Commonwealth Games 2022: Of Sindhu's greatness and Lakshya evolution
PV Sindhu is building a legacy of her own and Lakshya Sen is showing signs of becoming Indian badminton's most sought-after poster boy.
PV Sindhu is building a legacy of her own and Lakshya Sen is showing signs of becoming Indian badminton's most sought-after 'poster boy' but, with less than two years for Paris Olympics, the twin Commonwealth Games gold is only a small part of the bigger picture.
It's the quadrennial extravaganza in Paris, two years from now, where the duo would like to have "an evening" to remember. Sindhu, with a mission to etch her name in the record books, with an unprecedented third individual medal at the Olympics. And Lakshya, by breaking the jinx of medal-less Indian male players since the game's inception in the 1992 edition in Barcelona.
While Sindhu once again kept her date with history in Birmingham with an elusive title, Lakshya's maiden gold on debut underlined his emergence as the 'Most Valuable Player' amongst male in the current era.
What Sindhu has achieved in women's game, if Lakshya can emulate even half of it, the Indian badminton is in for more glory days in the coming days.
Sindhu's pursuit of greatness
With a blemish-free record, the legend of Sindhu's only grew in Birmingham and when we have a debate about India's greatest in Olympic sports, you can only ignore Sindhu at your own peril.
Sporting achievements are always backed by statistics but Sindhu has those numbers backing her heady achievements. She may not have won many BWF world tour events or Super Series tournaments but that is just a minor blip in what has already be an illustrious career.
She is player for big occasions and time and again has proved that. When the bar needs to be raised, she does that with ease.
She has won five world championships medals -- only the second woman after China's Zhang Ning ever to win five or more singles medals in the showpiece event.
She is also only the second individual athlete from the country to win successive medals at the Olympics. Add to that the Asian silver and bronze, the two bronze medals at the Asian Championships, the two bronze as part of India's Uber Cup team and the BWF World Tour Finals title -- her achievements will be hard to surpass in the years to come.
If a certain Saina Nehwal had shown India how to slay the Chinese, Sindhu simply shattered the hegemony of all the Asian giants in a decade-long career.
The Yihan Wangs, Shixian Wangs and Xuerui Lis have gone, while she has towered over her peers such as Carolina Marin, Nozomi Okuhara, Akane Yamaguchi and Chen Yufei mostly when it mattered and stayed unscathed from injuries.
Tai Tzu-ying has been an aberration but every player has one such achilles heel. While her contemporaries have been in and out due to injury layoffs, Sindhu has remained one of the most consistent players in the circuit and one of the reasons is her fitness.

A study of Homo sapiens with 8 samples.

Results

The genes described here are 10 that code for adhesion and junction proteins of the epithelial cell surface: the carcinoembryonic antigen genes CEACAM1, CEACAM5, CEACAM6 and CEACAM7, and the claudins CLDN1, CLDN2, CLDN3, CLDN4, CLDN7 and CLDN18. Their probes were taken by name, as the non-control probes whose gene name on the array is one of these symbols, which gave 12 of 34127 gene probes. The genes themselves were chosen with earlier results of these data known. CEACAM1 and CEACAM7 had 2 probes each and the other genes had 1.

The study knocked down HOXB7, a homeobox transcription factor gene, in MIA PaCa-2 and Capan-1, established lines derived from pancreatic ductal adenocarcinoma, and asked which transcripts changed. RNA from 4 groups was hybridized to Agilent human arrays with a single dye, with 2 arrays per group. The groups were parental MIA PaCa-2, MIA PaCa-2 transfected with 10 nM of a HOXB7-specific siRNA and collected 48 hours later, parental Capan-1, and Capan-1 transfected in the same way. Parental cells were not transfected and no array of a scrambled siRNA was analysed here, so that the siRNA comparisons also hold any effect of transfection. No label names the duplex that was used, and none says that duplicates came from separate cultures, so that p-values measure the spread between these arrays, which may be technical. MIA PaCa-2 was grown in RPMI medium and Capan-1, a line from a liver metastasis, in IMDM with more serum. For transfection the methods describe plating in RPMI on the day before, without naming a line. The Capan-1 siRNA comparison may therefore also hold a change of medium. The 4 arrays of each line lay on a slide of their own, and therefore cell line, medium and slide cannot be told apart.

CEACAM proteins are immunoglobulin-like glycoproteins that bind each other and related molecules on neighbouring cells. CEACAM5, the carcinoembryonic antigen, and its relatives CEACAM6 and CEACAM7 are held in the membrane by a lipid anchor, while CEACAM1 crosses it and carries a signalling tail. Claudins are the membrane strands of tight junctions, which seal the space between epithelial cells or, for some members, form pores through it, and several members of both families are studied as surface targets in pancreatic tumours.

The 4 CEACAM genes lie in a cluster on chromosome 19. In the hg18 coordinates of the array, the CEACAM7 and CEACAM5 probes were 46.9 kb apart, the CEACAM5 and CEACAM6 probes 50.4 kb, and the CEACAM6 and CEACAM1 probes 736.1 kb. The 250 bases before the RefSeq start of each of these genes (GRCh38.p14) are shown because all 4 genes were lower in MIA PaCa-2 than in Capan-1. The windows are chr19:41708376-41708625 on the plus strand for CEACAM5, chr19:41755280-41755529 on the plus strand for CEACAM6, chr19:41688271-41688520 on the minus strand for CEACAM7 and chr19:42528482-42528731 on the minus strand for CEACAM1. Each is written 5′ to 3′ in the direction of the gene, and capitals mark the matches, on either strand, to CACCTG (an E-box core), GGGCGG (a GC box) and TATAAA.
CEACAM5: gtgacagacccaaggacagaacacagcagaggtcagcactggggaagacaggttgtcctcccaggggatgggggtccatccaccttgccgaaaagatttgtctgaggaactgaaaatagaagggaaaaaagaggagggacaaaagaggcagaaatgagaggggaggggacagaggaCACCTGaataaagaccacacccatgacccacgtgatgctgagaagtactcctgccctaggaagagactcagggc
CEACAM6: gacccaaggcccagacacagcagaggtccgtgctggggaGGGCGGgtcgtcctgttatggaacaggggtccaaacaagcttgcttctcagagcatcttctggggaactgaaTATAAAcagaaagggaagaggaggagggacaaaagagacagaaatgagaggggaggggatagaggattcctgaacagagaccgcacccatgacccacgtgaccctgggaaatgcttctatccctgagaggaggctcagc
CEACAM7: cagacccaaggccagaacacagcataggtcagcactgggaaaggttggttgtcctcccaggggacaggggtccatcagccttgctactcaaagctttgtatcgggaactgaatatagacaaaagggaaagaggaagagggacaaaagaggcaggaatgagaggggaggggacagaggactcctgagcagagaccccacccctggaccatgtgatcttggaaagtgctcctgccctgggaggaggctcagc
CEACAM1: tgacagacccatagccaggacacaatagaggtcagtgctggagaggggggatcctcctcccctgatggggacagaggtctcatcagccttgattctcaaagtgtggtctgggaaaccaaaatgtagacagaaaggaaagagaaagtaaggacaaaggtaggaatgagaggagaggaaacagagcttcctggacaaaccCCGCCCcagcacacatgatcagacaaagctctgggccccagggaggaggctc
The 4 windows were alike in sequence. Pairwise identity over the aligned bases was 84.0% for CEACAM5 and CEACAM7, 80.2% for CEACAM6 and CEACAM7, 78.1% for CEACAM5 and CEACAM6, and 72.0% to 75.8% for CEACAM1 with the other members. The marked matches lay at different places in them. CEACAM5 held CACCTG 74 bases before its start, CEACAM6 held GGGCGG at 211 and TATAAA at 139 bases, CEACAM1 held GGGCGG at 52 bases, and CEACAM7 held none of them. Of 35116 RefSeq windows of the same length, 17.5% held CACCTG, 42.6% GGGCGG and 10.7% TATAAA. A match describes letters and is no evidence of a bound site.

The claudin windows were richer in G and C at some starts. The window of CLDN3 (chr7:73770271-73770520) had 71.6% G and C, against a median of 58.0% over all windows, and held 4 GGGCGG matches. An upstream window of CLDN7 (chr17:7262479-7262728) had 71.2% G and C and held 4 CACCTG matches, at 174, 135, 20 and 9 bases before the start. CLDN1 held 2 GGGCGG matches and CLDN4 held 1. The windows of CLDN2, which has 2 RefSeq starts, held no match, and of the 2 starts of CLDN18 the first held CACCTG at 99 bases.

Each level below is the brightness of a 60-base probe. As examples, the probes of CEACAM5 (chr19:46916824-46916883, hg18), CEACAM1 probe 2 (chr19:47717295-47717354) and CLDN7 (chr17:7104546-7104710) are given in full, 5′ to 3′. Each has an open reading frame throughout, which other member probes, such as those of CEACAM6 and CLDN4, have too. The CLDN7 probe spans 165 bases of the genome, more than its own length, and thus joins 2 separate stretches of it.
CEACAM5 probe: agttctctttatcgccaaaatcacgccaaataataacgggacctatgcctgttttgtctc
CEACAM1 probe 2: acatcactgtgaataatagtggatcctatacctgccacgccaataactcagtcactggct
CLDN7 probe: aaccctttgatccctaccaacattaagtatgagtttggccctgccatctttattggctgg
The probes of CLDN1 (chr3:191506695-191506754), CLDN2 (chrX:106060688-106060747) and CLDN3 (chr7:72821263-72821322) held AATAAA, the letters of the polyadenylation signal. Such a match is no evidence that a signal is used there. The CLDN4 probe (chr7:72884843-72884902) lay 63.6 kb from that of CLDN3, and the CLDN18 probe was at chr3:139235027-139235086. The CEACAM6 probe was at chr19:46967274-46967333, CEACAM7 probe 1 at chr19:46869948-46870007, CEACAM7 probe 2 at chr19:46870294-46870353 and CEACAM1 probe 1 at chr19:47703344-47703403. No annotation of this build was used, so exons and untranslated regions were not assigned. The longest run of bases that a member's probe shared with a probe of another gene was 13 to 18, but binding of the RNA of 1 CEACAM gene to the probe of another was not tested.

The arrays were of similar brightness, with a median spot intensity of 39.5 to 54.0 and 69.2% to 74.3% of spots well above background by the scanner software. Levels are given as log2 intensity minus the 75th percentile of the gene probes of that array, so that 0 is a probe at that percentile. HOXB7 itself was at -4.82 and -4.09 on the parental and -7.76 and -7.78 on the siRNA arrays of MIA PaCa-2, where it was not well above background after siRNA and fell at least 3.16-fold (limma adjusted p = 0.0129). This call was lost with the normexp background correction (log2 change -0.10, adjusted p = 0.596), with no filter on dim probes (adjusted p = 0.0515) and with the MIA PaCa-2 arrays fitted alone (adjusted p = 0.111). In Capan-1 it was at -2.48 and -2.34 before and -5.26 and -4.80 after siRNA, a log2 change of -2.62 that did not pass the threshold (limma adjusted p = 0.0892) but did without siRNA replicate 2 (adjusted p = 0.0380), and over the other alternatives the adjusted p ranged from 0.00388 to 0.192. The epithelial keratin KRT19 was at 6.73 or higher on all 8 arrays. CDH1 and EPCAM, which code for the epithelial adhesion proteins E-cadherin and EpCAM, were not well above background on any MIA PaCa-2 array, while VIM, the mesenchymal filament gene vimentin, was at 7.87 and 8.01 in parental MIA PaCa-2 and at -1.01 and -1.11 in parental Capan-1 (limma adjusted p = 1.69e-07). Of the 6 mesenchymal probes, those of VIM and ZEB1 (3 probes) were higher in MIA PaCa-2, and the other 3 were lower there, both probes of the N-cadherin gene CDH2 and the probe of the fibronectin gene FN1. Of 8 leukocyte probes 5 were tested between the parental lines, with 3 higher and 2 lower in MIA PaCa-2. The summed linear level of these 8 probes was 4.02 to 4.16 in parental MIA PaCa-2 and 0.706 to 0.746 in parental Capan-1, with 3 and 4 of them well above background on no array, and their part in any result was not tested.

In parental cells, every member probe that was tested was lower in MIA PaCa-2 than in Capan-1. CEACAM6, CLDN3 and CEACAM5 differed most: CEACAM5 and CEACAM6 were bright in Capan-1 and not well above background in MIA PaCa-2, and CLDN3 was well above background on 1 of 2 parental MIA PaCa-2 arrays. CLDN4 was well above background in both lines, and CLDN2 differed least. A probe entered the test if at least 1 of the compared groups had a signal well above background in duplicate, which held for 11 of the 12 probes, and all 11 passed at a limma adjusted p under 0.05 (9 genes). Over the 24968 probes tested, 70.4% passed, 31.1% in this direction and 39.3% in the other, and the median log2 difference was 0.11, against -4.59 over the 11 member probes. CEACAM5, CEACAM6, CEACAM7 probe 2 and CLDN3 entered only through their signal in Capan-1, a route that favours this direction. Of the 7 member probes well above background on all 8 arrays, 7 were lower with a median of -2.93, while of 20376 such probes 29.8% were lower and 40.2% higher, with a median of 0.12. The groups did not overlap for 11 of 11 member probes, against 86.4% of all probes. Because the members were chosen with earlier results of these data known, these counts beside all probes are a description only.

She put extended hours under strength and conditioning trainer Srikanth Verma to strengthen her body to last the long rallies, to beef up the legs and shoulder and back to be able to cover each corner of the court with ease and last the rigours of international badminton. She was always a great retriever but she has never stopped working on her game and evolved into a much fitter and faster competitor, who can switch pace, possess great tactical acumen and has the heart to fight till the end.
On Sunday, Sindhu seemed like a woman on a mission but her ultimate mission will be to change the colour of medal in Paris.
Sen'sational Man, Lakshya fixed
With a gold medal in Birmingham, Lakshya showed he has the character of a champion and is ready to take over the baton from his illustrious compatriots to lead India's charge in future.
The performance will also put to rest the disappointment of the near misses when he had lost the finals of the All England Championships in March and returned with a bronze from the World Championships in Spain last year.
Like Sindhu, Lakshya too had shown early signs of his prowess. He was an uncut diamond in a pool of fizzled-out talent, which was polished at the Prakash Padukone Badminton Academy.
After winning medals at the junior World Championships, Asian meet and Young Olympics, the 20-year-old from Almora had bagged five titles in the senior circuit in 2019.
His confidence was busting at the seams but then came the COVID-19 pandemic. But the break only made him more hungry and desperate to win and when tournaments resumed, Lakshya started putting on the court everything that he had learnt.
A World Championships bronze in December, the India Open Super 500 title, an All England silver and the Thomas Cup gold soon catapulted him to stardom.
So what went behind the making of Lakshya?
Lakshya had the skill sets and class of a champion but he was injury prone. The boy from the hills had the lung power but he lacked the strength to complement his power game.
"He has a sort of game, where he is diving around to retrieve shuttles. It is physical, unorthodox, which makes him more injury prone," his mentor and coach of PPBA Vimal Kumar said.
"So physios had a hard job to work on his body. He plays a power game, so he needs strength and he has been concentrating on that."
Over the years, the time spent under different coaches such as Danish legend Morten Frost and Peter Gade and short training stints with Viktor Axelsen opened up his game and made him tactically more mature as a player.
"He has become tactically better now. He was calm against Loh Kean Yew (in mixed team event). The more tough matches he plays, will help him get better tactically and devise his strategy," Vimal said.
"We don't want him to depend on coaches and want to see him evolve as an independent player, who can take responsibility for his career. I am happy with his progress so far."